It took nine year's to build the bridge to what it is today. It has been perched over the harbor since 1932. To give you an idea of size of the bridge, the arch spans 503 meters, the top of the arch is 134 at sea level (that's about 440 ft to the water), clearance for ships to pass is 49 meters. There are 6,000,000 rivets that hold the bridge in tack. The bridge weighs about 52,800 tons.
The bridge is often referred to as 'The Coat Hanger'
If your daring enough, you can take the nearly 4 hour hike up the bridge for a
unique view of Sydney. Groups of up to 14 people make the trek together with an
experienced guide who gives you the history and answers your questions about the bridge. You can take the tour during the day, or if you'd like things to be a bit dark so you don't see down below so much, you can also climb at night.
On the right is the visitor's center where you can find souvenirs, or purchase tickets for the climb. The above catwalk is where the tour starts off. After you take a short class on safety and are given the proper gear to be worn, you strut your stuff across the catwalk and begin the journey out to the bridge.
Months before our trip, I'd been thinking about doing the climb, but I knew I'd be going it alone as Marty is not one for heights. For that matter, neither am I, but this was one of those things in life that I felt like I had to do. I was back and forth with the idea as I wished I had someone to share the experience with (other than strangers). I knew I couldn't go all that way and not do it, else I would never forgive myself so prior to our trip, I made my booking. I'll be honest, it's not exactly cheap, but when you consider the experience, it's well worth every dollar spent. Here I am checking out the bridge just before my A.M. climb.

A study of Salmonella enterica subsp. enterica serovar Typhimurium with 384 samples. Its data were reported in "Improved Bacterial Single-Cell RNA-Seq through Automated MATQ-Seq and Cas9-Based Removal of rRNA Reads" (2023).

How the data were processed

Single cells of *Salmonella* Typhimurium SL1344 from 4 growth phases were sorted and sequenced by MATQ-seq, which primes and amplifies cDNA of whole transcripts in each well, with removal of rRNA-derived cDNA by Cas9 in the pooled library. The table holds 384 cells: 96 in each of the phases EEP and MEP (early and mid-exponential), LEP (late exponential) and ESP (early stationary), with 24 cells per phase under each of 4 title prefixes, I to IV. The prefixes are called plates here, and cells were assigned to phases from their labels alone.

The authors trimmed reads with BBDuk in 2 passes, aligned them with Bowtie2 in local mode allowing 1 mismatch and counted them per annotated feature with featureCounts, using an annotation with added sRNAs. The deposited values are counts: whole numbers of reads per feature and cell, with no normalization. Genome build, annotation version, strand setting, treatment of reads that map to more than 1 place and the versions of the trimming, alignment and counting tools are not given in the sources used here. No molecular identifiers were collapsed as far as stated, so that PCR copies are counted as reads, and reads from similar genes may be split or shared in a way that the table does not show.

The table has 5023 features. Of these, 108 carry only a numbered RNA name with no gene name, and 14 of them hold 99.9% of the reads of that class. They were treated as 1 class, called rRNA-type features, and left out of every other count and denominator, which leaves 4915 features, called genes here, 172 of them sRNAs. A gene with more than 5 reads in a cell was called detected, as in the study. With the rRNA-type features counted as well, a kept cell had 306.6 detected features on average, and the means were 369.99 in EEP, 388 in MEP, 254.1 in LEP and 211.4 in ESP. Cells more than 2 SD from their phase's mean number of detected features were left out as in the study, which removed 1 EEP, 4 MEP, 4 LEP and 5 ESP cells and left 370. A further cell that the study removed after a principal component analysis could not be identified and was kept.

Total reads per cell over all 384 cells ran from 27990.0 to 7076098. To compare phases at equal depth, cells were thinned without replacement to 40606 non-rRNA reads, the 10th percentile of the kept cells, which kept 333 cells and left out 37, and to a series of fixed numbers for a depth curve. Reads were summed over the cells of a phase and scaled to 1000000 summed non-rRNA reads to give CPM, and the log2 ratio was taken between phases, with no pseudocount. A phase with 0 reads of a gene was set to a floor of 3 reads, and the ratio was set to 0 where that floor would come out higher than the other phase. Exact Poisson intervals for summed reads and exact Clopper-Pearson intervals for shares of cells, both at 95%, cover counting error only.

Some have asked me if it was scary making the climb? Oddly enough, this photo above is what got to me the most. It's not the best photo for showing what I'm saying, but if you look at the beam in the center of the photo, you can just barely see the heads of some of the climbers. The thing that got me here is that you are walking on wood planks along the walkway, where you can see down below cause of how the planks meet up to one another......an this is all leading out to the bridge, so your not even at the highest point. I am not a fan of heights, esp. when I can see down below, but the guides are good at keeping the walk moving, they are well trained in helping people overcome their fear of heights. And by the time you make it to the actual bridge, your on this larger platform of space, you don't feel like your on the edge ever.
Meanwhile as I'm taking the climb, Marty and Eprham were over at The Opera
House looking around.
I have to give prop's to Marty for making me smile.....he managed to get some photos of me as I did the climb. Due to the fact that your up above cars, you are not allowed to take a camera, or for that matter anything else with you on the climb. Each climber is given a uniform to be worn over your clothes, in addition to your bridge suit, your also given a hat, a latch that attaches you to the bridge at all times, and a headset so that you can hear the guide. So granted it's hard to tell it's me unless you zoom in, but it's a really cool photo in my book to have this little keepsake memory.
After my climb, we went on one of the ferries around Sydney Harbor to take in the sights. It was an awesome experience and one I would highly recommend. I plan on doing it again one day! So glad I did it!
Did you think you wouldn't get that vantage point? Well here's the proof I did it!! This will be one of those photos that will stand out in my massive photo album of life. I always think back to that scene in Titanic when the old Rose is lying in her bed, and the camera pans the room of photos from her life and all the thing's she did. This will forever be one of those special photos.